The march toward the nanotube computer goes on. The latest development out of IBM is that researchers there have solved a critical problem that had hindered their ability to control the position of carbon nanotubes in a transistor.
You know how chipmakers are always trying to pack more into less? Some in the industry are sounding the alarm that they’re running out of space, that they just can’t make those little wafers small enough anymore. One response to that alarm has been to use nanotechnology to sort of bypass the problem.
Carbon nanotubes are already with us, at least in the laboratory. They hold out the hope of powering processors that are super small and super fast without being power hogs. But until now, scientists have been able to control the placement of nanotube transistors.
It’s like building a house: If you can’t keep the foundation in place, then you can’t build the rest of the structure. The technology just hasn’t been there to control where those nanotubes are.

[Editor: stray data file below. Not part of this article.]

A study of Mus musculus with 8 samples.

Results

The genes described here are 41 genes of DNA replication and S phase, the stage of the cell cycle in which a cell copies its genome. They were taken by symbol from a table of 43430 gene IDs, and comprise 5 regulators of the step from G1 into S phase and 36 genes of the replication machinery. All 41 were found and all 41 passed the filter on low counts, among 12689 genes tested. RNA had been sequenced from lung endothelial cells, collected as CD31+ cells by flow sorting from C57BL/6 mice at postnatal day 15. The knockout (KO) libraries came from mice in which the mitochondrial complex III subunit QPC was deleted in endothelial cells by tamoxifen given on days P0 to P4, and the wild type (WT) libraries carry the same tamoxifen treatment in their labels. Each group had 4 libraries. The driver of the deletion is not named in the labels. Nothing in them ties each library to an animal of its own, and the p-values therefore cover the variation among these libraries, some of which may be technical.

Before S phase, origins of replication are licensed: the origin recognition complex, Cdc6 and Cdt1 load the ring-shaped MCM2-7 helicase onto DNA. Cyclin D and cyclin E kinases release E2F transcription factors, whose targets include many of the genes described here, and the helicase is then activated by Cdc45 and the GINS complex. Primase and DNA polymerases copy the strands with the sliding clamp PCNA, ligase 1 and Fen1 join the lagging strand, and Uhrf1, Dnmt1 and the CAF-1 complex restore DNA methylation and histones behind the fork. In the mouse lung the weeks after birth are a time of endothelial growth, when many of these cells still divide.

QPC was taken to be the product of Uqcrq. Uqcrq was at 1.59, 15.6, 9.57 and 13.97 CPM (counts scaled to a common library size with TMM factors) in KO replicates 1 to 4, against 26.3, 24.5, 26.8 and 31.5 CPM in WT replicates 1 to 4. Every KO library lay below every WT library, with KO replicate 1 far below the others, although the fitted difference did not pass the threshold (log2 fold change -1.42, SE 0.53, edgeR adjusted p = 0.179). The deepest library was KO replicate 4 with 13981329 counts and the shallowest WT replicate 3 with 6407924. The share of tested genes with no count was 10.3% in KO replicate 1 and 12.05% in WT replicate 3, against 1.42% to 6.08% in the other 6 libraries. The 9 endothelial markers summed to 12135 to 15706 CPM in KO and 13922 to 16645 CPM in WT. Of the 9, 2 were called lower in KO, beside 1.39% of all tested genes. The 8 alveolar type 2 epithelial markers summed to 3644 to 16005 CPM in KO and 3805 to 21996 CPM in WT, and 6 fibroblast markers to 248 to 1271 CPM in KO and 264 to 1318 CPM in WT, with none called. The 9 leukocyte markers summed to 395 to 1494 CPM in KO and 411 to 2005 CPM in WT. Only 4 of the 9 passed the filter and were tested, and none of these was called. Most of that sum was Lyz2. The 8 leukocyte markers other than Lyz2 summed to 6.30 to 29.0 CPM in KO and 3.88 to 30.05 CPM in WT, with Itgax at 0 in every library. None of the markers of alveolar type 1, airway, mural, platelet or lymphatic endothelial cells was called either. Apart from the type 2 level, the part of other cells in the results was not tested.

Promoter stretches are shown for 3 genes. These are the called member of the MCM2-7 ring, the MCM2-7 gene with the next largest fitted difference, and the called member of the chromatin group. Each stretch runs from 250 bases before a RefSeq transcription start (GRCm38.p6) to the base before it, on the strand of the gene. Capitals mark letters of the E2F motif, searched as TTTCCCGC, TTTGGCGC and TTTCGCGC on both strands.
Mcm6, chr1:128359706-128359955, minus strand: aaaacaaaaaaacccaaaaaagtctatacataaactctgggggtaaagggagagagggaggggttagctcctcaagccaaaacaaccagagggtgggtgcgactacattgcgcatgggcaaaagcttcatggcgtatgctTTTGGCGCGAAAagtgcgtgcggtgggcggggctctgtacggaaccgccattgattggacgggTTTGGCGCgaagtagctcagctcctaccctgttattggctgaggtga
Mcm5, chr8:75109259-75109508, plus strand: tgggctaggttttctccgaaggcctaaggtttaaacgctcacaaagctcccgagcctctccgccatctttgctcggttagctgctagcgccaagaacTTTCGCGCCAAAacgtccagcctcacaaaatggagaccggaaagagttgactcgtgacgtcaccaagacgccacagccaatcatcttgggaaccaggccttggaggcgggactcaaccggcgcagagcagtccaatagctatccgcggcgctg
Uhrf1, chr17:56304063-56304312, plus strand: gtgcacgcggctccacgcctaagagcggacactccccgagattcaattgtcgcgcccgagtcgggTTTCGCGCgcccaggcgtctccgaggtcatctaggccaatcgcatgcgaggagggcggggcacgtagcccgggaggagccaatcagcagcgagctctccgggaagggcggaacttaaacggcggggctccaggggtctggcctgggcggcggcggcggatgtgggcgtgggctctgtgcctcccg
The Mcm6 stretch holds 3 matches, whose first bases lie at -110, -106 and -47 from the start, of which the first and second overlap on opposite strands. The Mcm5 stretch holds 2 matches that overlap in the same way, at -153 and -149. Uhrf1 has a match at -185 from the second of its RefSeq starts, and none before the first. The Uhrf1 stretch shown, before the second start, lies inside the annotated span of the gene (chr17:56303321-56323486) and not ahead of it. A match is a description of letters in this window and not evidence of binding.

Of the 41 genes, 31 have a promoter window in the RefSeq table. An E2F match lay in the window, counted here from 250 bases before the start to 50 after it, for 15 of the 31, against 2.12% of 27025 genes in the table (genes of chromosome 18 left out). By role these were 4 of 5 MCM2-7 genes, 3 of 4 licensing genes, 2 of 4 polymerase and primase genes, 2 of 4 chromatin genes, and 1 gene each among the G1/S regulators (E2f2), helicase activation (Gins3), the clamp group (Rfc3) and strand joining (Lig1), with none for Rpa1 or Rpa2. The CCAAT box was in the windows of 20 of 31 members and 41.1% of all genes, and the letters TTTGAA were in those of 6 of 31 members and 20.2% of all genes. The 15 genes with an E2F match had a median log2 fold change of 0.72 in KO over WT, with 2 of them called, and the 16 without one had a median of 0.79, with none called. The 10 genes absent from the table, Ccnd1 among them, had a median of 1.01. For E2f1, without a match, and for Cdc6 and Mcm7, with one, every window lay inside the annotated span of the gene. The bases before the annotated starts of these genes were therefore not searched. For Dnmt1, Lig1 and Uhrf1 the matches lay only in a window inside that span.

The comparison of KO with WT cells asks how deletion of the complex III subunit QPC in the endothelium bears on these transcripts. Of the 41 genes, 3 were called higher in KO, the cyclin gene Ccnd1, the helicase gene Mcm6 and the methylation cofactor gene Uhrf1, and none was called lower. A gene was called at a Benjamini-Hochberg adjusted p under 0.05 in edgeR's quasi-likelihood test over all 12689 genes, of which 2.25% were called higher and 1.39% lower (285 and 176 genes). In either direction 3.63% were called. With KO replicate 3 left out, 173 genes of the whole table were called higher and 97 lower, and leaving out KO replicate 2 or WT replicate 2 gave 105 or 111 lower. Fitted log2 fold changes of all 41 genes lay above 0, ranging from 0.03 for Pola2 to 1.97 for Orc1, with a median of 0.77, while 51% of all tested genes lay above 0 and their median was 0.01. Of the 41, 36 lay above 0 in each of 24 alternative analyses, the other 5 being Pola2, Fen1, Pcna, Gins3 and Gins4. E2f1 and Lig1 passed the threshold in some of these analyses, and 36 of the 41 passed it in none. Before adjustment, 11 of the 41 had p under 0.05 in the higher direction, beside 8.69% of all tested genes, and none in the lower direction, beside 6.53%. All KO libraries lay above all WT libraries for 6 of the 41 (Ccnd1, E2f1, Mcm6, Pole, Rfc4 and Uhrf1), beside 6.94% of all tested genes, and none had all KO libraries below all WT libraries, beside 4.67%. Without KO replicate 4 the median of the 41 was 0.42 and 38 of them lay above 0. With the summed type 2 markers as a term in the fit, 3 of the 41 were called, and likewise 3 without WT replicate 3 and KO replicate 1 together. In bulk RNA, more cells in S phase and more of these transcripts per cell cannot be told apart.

Now, however, a team of researchers at IBM have reported that they can indeed plunk nanotubes down where they want them, using a coating of molecules that bind only to metal oxide. Using magnetic technology as an inspiration, they laid down a thin layer of aluminum oxide on top of a group of transistor wires, then lathered the nanotubes with the special coating. The result: success.
It is not the end of the road, by any means, the researchers insist. Manufacturing carbon nanotubes in the first place is still expensive. Add to that the cost of the oxidation process needed to guarantee placement, and you have even more costs.
The goal is to spend money to make money, however. Researchers believe that nanotubes hold the key to bigger and better on smaller and smaller. We shall see, relatively speaking.